A source at MTVA told The Guardian that positive coverage of LGBT rights by the broadcaster was discouraged, other than for annual coverage of Budapest Pride.
Earlier, a Hungarian news outlet, index.hu, quoted unnamed sources in the public media who claimed that Hungarian authorities considered Eurovision “too gay” and had insisted Hungary withdraw from the contest.
A spokesperson for Prime Minister Viktor Orbán called the index.hu story “fake news” on Twitter, but he did not specify any other reason for Hungary’s decision not to participate, The Guardian reported.
MTVA and the Hungarian government did not respond to requests for comment by Billboard.
A Eurovision pullout related to LGBTQ concerns would be in line with attitudes expressed recently by Orbán’s conservative government.
Orbán has repeatedly stated that marriage should only be between men and women, and he initiated a “family first” policy to incentivize childbearing by traditional families.
Earlier this year, László Kövér, the speaker of the Hungarian parliament, compared same-sex adoption to pedophilia. And a member of Orban's ruling Fidesz party called for a boycott of Coca-Cola after the soft drink giant launched an advertising campaign using photographs of a gay couple.
This would not be the first time a conservative political regime has criticized Eurovision for allegedly promoting homosexuality. Iin 2014, Vitaly Milonov, a Russian legislator known for his anti-gay attitudes, unsuccessfully tried to cancel the broadcast of Eurovision in Russia on the grounds that it “propagandizes homosexuality.”
When Conchita Wurst, an Austrian singer and drag queen, won the contest that year, Russian legislators and politicians criticized the outcome, and Milonov called for a boycott of Eurovision for its “blatant propaganda of homosexuality and moral degradation.”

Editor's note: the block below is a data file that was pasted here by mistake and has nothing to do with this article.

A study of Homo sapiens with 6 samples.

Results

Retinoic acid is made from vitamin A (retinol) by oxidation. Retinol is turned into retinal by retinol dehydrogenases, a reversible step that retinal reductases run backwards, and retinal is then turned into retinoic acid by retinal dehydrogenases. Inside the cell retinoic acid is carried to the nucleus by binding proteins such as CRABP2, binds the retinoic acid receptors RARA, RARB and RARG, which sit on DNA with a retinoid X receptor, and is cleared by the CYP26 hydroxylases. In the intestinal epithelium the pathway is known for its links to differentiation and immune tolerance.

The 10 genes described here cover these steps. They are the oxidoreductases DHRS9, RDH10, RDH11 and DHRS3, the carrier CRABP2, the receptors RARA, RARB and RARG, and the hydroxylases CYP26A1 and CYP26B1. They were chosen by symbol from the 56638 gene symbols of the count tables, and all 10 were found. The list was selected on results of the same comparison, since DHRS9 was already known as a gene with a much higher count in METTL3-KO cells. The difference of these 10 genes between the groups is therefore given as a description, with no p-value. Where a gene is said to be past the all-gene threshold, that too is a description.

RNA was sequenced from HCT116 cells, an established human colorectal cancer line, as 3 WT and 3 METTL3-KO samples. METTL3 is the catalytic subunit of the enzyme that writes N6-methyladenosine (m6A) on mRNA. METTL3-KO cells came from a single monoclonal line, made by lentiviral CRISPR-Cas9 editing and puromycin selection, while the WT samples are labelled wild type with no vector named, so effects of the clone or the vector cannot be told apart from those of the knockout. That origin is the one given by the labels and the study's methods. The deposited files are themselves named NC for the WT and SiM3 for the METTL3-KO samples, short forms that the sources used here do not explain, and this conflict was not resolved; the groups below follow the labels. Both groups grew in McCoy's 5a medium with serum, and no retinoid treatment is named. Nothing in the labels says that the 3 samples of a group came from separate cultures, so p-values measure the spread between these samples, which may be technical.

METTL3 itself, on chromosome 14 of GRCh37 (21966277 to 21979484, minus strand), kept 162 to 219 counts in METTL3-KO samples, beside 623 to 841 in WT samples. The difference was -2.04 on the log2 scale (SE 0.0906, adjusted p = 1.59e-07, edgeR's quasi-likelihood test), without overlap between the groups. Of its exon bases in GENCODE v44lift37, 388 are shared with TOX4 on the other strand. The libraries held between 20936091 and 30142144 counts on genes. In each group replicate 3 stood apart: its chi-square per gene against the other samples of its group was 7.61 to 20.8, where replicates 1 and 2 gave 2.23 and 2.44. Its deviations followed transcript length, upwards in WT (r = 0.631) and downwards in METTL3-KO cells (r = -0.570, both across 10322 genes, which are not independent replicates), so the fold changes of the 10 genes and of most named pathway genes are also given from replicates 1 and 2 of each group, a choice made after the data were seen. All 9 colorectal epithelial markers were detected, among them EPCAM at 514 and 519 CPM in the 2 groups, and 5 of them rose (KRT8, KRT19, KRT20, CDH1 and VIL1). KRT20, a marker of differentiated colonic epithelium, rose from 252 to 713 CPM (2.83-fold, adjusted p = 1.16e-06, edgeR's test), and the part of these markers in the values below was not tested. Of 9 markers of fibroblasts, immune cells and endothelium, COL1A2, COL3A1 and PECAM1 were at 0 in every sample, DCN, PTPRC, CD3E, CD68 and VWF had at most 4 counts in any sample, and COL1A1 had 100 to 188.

Still, despite the occasional bluster social issues have never led to a country actually pulling out of Eurovision. Decisions to sit out the song contest have been caused by financial or political considerations.
In 2014, Serbia, Croatia, Bulgaria and Cyprus didn't take part in Eurovision, saying participation was too expensive.
In 2009, shortly after a war between Russia and Georgia over the South Ossetia region, Georgia's entry, Stefane & 3G, intended to perform a song titled “We Don't Wanna Put In.” The planned performance hit a snag, however, when The European Broadcasting Union, Eurovision's organizer, pointed out political references to Russian leader Vladimir Putin in the song's lyrics and demanded that it should be replaced. Georgia refused to comply and withdrew from the contest.
In 2017, Ukraine, the host country that year, banned Russia’s entry, Yulia Samoilova, from entering Ukraine because of her 2015 performance in Crimea, a peninsular region Russia had annexed from Ukraine. Russia refused to replace Samoilova with another singer and instead sat out that year's Eurovision.